Knowledge sharing

Community based eco-tourism

Together with the Empower Youth for Work project team of Indonesia and the selected team of experts, we learned from the previous experience and evaluations that it is important to promote sustainability of exchanges when developing the solutions. With this in mind, EYW Indonesia laid their eyes on the community based eco-tourism (CBT), which is now booming and developing rapidly in Indonesia.

Focusing on two areas (Maros and Pangkajene Kepulauan), CBT is supported by the local government and will be managed by youth and local communities to develop tourism which benefit them and function as a hub that increases economic activities around the areas. It is envisioned that some of the CBTs will be designed to suit not only for domestic but international tourists specifically from Europe.

CBT enables the tourist to discover local habitats and learn about the society, celebrates and respects traditional cultures, rituals and wisdom. The way it designed will allow the young people and the community to preserve the traditional value on their natural and cultural heritage and at the same time considering the commercialization aspect through tourism.

So far, CBT has reached some exciting achievements:

  •  1,297 youths (of which 395 were female) in Sulawesi were involved in the pilot development. For reference, the initial target of CBT Pilot Project was set at 212 youth beneficiaries and 1.090 total participants in activities.
  • 191 youths (of which 103 were female) have received capacity building trainings on product development, tour guiding, hospitality, and management.
  • 9 CBT tour products have been developed by the local youth. In addition to this, 4 local products were developed by the youths that could be sold (e.g. t-shirts and local food).
  • A nearby national park and tourism office are supporting the CBT project by constructing tourism facilities.
  • The pilot has a climate-friendly design, including mangrove planting and preservation, reducing waste and plastics, and energy-free activities (e.g. biking, rowing).
  • More than 260 people visited a floating market festival organized by youth in Pangkep. The market engaged local communities around Limbangan, including boat owners, boat crew (taking the visitors for river cruising), and vendors of local food and craft. The event attracted a lot of media attention.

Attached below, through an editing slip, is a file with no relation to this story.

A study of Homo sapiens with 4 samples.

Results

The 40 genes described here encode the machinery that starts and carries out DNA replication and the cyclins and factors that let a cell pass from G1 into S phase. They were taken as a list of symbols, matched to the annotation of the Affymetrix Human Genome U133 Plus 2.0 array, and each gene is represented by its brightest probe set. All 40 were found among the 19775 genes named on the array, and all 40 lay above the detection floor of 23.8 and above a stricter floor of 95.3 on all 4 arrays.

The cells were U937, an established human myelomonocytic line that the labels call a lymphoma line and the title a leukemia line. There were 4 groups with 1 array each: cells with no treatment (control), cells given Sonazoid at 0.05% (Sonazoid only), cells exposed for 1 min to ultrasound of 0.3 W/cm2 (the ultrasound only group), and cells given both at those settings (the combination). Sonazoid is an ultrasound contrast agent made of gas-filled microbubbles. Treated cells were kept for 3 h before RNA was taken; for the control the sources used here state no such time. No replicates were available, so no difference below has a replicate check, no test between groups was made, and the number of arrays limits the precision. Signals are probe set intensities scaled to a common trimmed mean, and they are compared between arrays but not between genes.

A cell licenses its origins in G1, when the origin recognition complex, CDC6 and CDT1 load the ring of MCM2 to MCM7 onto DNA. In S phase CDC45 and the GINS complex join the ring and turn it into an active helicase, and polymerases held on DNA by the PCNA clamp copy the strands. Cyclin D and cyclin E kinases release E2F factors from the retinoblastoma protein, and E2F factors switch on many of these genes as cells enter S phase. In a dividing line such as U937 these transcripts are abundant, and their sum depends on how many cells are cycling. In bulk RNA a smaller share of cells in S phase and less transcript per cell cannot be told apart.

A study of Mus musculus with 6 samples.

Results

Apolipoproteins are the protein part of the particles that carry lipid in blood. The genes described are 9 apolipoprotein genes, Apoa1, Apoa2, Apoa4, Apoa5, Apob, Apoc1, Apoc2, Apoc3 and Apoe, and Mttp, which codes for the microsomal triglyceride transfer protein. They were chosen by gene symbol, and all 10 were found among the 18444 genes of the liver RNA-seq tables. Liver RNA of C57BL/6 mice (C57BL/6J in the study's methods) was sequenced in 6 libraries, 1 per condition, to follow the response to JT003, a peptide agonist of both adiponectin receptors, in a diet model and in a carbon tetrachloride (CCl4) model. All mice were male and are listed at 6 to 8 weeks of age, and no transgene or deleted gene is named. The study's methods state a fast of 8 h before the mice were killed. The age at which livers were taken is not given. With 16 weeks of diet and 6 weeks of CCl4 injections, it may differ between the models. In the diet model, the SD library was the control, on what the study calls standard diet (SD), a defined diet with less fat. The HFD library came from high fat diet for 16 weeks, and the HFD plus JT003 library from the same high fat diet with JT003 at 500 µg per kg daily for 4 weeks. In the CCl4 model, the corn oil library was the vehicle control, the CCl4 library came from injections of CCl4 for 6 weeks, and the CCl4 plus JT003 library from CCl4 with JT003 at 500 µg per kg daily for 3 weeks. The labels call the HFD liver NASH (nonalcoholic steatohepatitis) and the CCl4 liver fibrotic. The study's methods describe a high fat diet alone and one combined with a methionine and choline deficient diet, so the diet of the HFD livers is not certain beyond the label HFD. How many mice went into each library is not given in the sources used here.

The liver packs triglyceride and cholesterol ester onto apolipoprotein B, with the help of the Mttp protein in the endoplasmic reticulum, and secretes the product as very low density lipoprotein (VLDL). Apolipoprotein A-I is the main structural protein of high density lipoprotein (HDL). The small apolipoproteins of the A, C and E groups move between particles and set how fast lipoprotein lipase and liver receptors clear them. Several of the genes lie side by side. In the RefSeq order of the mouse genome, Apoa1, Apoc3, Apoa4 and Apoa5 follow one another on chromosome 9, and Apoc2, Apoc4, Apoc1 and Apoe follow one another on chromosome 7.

In November, 2019, four country teams from Empower Youth for Work project visited the CBT site in Barru. Have a look at our video!

(Video credit: Aminuddin , Barru District, South Sulawesi Province, Indonesia)


Reflection of Faqih from Oxfam Indonesia in 2020:

Community Based Tourism exchange with Philippines

The return visit, where the Filipino initiatives would visit the Indonesian pilots, was initially scheduled for 2020, during the global pandemic COVID-19. The E-Motive team had to get creative and organized a virtual return visit for early 2021.

Surprisingly, more than 100 people attended the online exchange, including Indonesian government officials, Youth Hub members, implementing partners, and Oxfam country office staff, while there were no sitting fees, minimal marketing, and no promises of further funding opportunities. Youth Hubs in Indonesia shared videos showcasing their Community Based Tourism (CBT) tours, hostels, and local products, while Filipino CBT Best Practices shared videos of their sites as well as personal stories of the tourism operators, and the teams’ responses to the COVID-19 tourism lag.

A lot of knowledge and experience was shared during this three day event, on strategies for survival during Covid-19 and how innovation and creativity can be used to survive and much more.

What did we learn from the exchange?

  • The CBT package must have a story; educate the public so that they can share in the story.
  • Get to know the product chain and network.
  • Village tourism will be successful with the community as the key.
  • Use local traditions and local enterprises for tourist tours and teach tourist, share stories with them.
  • Give trainings on how to reach the market and process local products (offline and online) as alternative recourse for income.
  • Local people know the cultural and history and can tell stories and do performances.
  • Make sure the money goes to the locals, not to the big companies.
  • Make good use of social media.
  • Relationship and cooperation are key (community, youngsters, government, experts, trainers)
  • Make profit, have a business mindset.
  • Inform the community and discuss their urgent challenge, make it a joint mission to solve clean water, or electricity or eco framing.
  • Reduce ego, build togetherness, support each other.
  • Virtual tours as a means of promoting the area and seizing revenue opportunities during the pandemic.

What did we learn from COVID-19?

  • The need for sustainable tourism is more urgent then ever.
  • Tourism is strongly affected by external factors, so, to maintain resilience of the destination, strategies are needed to develop other local resources.
  • Always pay attention to the standards of health, hygiene, and safety as well as the carrying capacity of the environment.
  • Tourism managers need to prepare for mitigation to reduce the risk of loss.
  • Human resource development is key to successful CBT development.

EYW CBT initiatives during the pandemic

A special thanks to Oxfam, Ministry of Tourism and Creative Economy, Pangkep and Barru District Governments, and partners from the Philippines for holding this event.